Self-Care for Your Mental Health: Tips for Getting Started

At this point, you’ve likely heard about the importance of self-care. The real question is, how often do you make a conscious effort to incorporate it into your daily routine? Can you even remember the last time you took time for yourself? Carving out the time for self-care is crucial for your mental health, and there are plenty of ways to go about it.

Trust Your Gut

You’re probably wondering how your mind and gut are related. It’s called the gut-brain axis, and U.S. News describes it as the “bidirectional interaction between the nervous system, including the brain, and intestinal function.” Each of the species in your gut has a role to play, and many can predict the likelihood that you will develop depression. Any sort of imbalance can impact the level of important feel-good neurotransmitters, so keeping your gut balanced is just one step in taking care of your mental health.

There are various types of bacteria housed in your gut that serve various purposes, such as akkermansia bacteria, which affects your metabolism. But the two directly related to mental health are Lactobacillus helveticus and Bifidobacterium Longum. Together, these bacteria can reduce stress hormones, improve mood, and give you a sense of relaxation. Get to know your gut to help you determine what changes can be made to improve your digestive health, such as supplements or dietary changes to detox both your mind and body.

The Power of Touch

If you’ve ever gotten a massage, you probably remember feeling like a relaxed pile of mush afterward. It’s a treat for your body, but getting a massage is good for your mental health, too. A specific type worth looking into is reflexology, which involves applying direct pressure to the hands and feet. This type of massage is based on the idea that the hands and feet have a direct relationship with the rest of the body, resulting in positive effects such as stress relief, toxin elimination, and total relaxation.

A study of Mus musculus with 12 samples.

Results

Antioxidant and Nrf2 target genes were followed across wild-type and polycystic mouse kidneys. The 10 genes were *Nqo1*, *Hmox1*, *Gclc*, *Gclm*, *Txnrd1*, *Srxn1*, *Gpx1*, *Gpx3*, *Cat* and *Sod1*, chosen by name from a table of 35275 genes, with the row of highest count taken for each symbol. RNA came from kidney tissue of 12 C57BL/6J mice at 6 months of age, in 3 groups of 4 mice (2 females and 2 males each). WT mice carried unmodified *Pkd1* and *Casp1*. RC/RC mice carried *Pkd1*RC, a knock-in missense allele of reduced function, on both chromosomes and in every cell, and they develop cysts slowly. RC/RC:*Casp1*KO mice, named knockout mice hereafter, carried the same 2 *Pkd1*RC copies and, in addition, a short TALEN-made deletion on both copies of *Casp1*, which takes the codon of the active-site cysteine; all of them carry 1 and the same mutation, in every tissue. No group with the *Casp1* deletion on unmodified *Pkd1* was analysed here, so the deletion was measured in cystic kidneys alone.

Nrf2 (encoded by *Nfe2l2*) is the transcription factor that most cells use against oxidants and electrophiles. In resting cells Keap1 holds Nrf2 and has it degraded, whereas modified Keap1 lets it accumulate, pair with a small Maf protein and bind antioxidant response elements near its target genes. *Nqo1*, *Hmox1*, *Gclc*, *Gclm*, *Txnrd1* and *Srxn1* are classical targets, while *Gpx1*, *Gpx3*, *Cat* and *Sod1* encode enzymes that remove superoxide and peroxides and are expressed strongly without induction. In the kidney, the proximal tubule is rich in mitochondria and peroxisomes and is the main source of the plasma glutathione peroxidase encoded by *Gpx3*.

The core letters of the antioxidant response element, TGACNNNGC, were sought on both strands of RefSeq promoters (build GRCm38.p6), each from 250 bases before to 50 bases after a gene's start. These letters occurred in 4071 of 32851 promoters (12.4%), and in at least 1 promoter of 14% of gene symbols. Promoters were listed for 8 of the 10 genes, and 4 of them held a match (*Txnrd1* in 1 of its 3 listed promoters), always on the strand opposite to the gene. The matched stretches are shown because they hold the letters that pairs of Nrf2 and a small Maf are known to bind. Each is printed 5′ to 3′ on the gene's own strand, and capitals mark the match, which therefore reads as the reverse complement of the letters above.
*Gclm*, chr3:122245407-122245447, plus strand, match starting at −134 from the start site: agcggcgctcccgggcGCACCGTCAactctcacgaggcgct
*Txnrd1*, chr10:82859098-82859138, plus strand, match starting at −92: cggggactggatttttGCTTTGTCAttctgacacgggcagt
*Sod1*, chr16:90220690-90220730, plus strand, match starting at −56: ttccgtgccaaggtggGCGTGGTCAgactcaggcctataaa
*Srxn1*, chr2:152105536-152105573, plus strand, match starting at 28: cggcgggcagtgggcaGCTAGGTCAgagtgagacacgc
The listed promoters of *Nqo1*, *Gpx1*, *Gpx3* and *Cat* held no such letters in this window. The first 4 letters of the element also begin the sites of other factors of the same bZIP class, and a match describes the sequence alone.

A regular massage can work wonders as well, as the pressure applied to the muscular, nervous, and circulatory systems can slow your breathing and heart rate, and help quiet an over-stimulated mind. You may even be able to increase the benefits by pairing it with mindfulness meditation so that you can get that stress relief any time, any place—not to mention enhance your ability to stay present in the moment.

Back to the Basics

Often times, one of the most overlooked forms of self-care is simply taking care of your basic needs. For example, you might be surprised how much better you feel when you get enough sleep each night. You lower your risk for developing mental health issues such as depression and anxiety, improve your cognitive function, and don’t experience that mental fogginess. Unfortunately, lack of self-care could mean you are overwhelmed, which makes it difficult to shut your brain off and fall asleep. Turn your sleep ritual into a self-care routine by setting a bedtime and engaging in de-stressing activities prior to sleep such as taking a warm bath, meditating, or reading.

Sleep seems like a simple enough self-care activity, but there are plenty of other basic self-care strategies, and most won’t require more than 10 minutes of your time. Get outside in nature and go for a walk or do some yoga and meditation. Turn on the music and dance and sing to your favorite song. No matter what it is you do, resist the urge to bring your phone with you. It’s hard to focus on that good feeling when your mind is preoccupied with trying to get the perfect photo of your quiet picnic for social media.

Taking care of your mental health is important, and it can be achieved by practicing various self-care techniques. Whether you use less common methods, such as detoxing to get your gut and brain health back in balance, or something more commonplace, such as massage, meditation, rest, or relaxation, the resulting mental health benefits are worth it. Enjoy the journey as you explore all the ways you can take better care of yourself and improve your mental health and well-being.